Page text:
The Psychology of the Western: How the American Psyche Plays Out on Screen.  By William Indick.

Jefferson, NC: McFarland, September 2008.  Cloth: ISBN 978-0786434602, $35.  223 pages.

Review by John T. “Jack” Becker, Texas Tech University

Maybe this book should be titled The Psychologies of the Western, as William Indick leaves no psychological disorder portrayed in westerns unanalyzed. But this quibble aside, fans of Western movies will enjoy this book by Indick, who is an associate professor of psychology at Dowling College in Oakdale, New York. He is the author of two other books on psychology and cinema.
Westerns are considered reflections of the American spirit, America’s myths played out on film. Starting with the Great Train Robbery, (1903) one of the first real feature films ever made, and continuing to 3:10 to Yuma (2007), Indick analyzes films for their hidden meanings and what they tell us about the American Psyche. Over 4,000 movies are considered Westerns, about half B-pictures or serials; between 1926 and 1967 half of all American movies made were Westerns.
The Golden Age of Westerns was the 1950s and this is the decade Indick mines for most of his material. He contends the 1950s, when Westerns developed characters and situations that lent the movies to psychological interpretation. At this time, Westerns became darker, more conflicted, and shaded with torment and internal conflict; thus the psychological Western was born (2).
Indick answers two questions with The Psychology of the Western: what exactly is “psychological” about a Western, and what are the psychological aspects of the genre as a whole?  To answer these questions, Indick compared westerns to the Old Testament and Greek Tragedies, and compared Western heroes and villains to their Greek and Old Testament counterparts.  He studied films for their Oedipal complexes and other psychological traumas.
Like many other Western movie enthusiasts, Indick states that just as Europe had its knights riding across the landscape of medieval Europe, the US had its cowboys riding across the West, both ready to administer justice as they saw fit (23).  Like the knights of old, cowboys were basically loners. But, similar to the frontier they rode, cowboys became a mixture of civilization and savagery, and the ensuing conflict became the overriding theme of all Westerns. It plays out in the often violent competition between the opposing groups: Indians and settlers, settlers and ranchers, outlaws and law men, outlaws and town folk, women and men, and Westerners versus Easterners (as depicted as bankers, railroad men, and other exploiters of western resources).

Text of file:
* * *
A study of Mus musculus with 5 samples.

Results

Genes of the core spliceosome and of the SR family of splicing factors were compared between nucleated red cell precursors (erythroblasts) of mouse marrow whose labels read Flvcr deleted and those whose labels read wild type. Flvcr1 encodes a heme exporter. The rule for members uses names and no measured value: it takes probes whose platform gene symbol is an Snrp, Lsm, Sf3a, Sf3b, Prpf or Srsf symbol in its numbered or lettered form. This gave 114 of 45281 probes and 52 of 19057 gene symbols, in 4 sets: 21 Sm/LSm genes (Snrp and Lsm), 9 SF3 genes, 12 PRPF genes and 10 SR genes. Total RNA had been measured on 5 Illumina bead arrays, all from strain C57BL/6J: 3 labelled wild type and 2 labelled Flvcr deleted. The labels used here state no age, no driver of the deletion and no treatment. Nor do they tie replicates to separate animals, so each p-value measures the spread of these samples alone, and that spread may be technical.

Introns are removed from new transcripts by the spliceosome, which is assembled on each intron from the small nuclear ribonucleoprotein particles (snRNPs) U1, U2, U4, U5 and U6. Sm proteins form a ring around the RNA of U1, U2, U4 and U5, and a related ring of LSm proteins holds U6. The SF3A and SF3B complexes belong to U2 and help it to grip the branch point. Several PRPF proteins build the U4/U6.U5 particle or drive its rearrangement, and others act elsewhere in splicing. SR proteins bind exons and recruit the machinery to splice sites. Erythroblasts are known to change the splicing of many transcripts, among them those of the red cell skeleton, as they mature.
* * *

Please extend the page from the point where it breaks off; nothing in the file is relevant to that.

Two directors of Westerns get special scrutiny in The Psychology of the Western, Anthony Mann and John Ford. Mann is considered, by Indick, as the originator of the “psychological Western.” After “graduating” from B-Westerns he made a series of dark or “adult westerns” in the 1950s. His heroes are socially marginalized, often neurotic, and had something from their past to hide (116). Mann’s favorite actor was James Stewart, who worked with Mann in five Westerns including Winchester ’73 (1950) and The Man from Laramie (1954). D. H. Lawrence said of Americans, “The essential American soul is hard, isolate, stoic, and a killer.” Watching Anthony Mann’s movies would prove Lawrence correct.
What James Stewart did for Anthony Mann’s Westerns, John Wayne (and perhaps Monument Valley) did for John Ford.  Of the ten Westerns given extensive treatment by Indick that were directed by Ford, seven had Wayne as the leading man. Scenes of Monument Valley appear in at least five of the films, with nearby locations (such as Moab, Utah) accounting for several others. Indick treats Drums Along the Mohawk (1939) as a Western directed by Ford, as he does Northwest Passage (1940).  One could argue that these movies take place in what was once the West (proto-West), but purists would usually not put them on any list of movie Westerns.
William Indick’s study is accessible, interesting, and insightful. It is part reference and part (a big part) entertainment. His psychology is entreating and thought-provoking.